On -isms: KS Gold

By | Thursday, June 22, 2017 Leave a Comment
This week, Kickstarter launched a series of special "Kickstarter Gold" projects. Basically, they went back to the folks behind successful campaigns and asked if they wanted to revisit their projects. They run the gamut from comic books to music to technology to typography. Here's how Kickstarter describes their "Gold" concept...
From June 20 through July 31, we’re spotlighting new projects by exciting artists and makers who use Kickstarter to sustain their creative independence.

Why? Because repeat creators are an integral part of the Kickstarter ecosystem. In fact, a third of all pledges to successful projects —over $1 billion since 2009 — go toward projects by creators who have run two, three, four, or even 100+ projects.

We selected Kickstarter Gold creators for their creativity, ingenuity, and success using the platform. They’ll be making new works inspired by their past projects, so backers can discover extra-amazing ideas, plus special rewards that aren’t available anywhere else.
Now, what I find interesting is that a number of the projects are the creation of traditionally sidelined groups, i.e. everybody except straight white men. What I don't know, but would be interested to discover, is how the demographics of these creators lines up with the demographics of all successful KS creators. That is, are POC (for example) more represented in the "Gold" category or is there simply a higher percentage of POC creators utilizing Kickstarter than the overall population.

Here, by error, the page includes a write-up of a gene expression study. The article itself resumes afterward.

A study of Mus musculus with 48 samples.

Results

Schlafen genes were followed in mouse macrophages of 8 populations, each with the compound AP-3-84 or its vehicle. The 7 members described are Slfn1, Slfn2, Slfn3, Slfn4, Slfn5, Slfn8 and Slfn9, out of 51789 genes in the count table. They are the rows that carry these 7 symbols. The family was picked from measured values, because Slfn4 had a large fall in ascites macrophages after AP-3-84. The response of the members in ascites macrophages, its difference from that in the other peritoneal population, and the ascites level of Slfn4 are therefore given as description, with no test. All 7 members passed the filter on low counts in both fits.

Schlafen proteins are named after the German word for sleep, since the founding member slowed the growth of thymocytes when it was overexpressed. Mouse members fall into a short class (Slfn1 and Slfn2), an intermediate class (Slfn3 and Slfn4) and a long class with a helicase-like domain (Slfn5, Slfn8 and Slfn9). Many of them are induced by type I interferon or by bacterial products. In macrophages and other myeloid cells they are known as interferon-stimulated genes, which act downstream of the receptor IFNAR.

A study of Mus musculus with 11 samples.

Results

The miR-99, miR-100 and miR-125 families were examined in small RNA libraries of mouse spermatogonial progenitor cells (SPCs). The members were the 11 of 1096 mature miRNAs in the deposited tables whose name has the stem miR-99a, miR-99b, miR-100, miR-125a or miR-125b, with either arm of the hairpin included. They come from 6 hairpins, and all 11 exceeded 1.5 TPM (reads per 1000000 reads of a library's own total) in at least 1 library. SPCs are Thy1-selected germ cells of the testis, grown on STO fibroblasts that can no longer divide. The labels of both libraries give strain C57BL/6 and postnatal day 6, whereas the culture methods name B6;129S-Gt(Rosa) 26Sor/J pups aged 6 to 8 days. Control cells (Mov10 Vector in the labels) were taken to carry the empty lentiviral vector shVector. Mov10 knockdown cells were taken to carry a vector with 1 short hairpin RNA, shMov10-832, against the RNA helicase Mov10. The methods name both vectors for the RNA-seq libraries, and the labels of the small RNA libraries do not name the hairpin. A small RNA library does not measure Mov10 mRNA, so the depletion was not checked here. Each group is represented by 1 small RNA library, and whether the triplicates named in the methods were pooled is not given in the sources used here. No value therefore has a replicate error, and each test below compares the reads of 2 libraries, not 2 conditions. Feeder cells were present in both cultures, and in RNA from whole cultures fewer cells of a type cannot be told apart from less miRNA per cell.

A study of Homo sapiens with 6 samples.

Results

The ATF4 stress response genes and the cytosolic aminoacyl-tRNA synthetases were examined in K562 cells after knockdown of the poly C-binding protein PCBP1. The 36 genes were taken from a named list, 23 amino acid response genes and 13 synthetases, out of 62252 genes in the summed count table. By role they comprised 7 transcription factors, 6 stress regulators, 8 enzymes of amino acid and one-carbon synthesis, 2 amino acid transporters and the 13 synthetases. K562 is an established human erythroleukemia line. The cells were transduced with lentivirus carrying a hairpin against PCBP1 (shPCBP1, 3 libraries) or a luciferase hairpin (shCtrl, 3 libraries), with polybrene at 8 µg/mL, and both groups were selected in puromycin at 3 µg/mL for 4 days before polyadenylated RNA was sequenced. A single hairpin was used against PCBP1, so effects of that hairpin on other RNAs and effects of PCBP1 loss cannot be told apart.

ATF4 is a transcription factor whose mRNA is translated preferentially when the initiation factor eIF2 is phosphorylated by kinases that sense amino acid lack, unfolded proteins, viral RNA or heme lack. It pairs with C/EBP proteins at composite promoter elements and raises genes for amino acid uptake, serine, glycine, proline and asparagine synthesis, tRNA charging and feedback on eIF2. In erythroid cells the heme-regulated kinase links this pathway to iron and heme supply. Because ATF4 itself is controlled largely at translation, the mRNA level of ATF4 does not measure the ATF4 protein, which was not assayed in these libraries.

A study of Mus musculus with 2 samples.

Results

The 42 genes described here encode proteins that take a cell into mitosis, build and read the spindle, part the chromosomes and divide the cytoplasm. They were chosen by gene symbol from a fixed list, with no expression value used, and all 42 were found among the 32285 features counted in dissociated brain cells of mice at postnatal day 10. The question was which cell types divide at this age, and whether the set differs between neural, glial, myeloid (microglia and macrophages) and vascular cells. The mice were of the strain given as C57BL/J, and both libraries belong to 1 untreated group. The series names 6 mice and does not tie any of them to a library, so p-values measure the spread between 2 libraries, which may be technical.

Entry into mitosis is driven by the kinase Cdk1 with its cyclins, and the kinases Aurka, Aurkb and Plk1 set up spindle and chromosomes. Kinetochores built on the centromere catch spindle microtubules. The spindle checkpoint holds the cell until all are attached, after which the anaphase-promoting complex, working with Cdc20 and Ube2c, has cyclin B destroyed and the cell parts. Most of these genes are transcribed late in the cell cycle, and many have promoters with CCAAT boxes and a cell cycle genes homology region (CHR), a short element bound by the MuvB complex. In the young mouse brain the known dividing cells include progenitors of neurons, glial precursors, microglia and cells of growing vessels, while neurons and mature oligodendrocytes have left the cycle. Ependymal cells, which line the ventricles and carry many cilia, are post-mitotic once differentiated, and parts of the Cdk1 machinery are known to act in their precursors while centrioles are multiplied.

Either way, the answer would be interesting and enlightening, I think. If there are more minorities represented in "Gold" than we typically see in Kickstarter, that would suggest the people at Kickstarter themselves are intentionally trying to foster inclusivity and diversity by selecting minority creators. If, on the other hand, the overall population of Kickstarter creators tends to favor minorities more than broader population demographics would suggest, this would imply that these minorities aren't finding other venues where their ideas might be accepted, and have turned to crowd-funding because traditional gatekeepers are keeping them out. This would further suggest that Kickstarter itself is a very agnostic platform; they don't care who you are, just do something cool.

Again, either way, the answers would be interesting, since Kickstarter is one of the top comic publishers these days.

The "Gold" projects seem to all be doing very well in general, but I'll end today with a specific plug for one of my favorite projects that, as of this writing, hasn't quite met it's goal yet.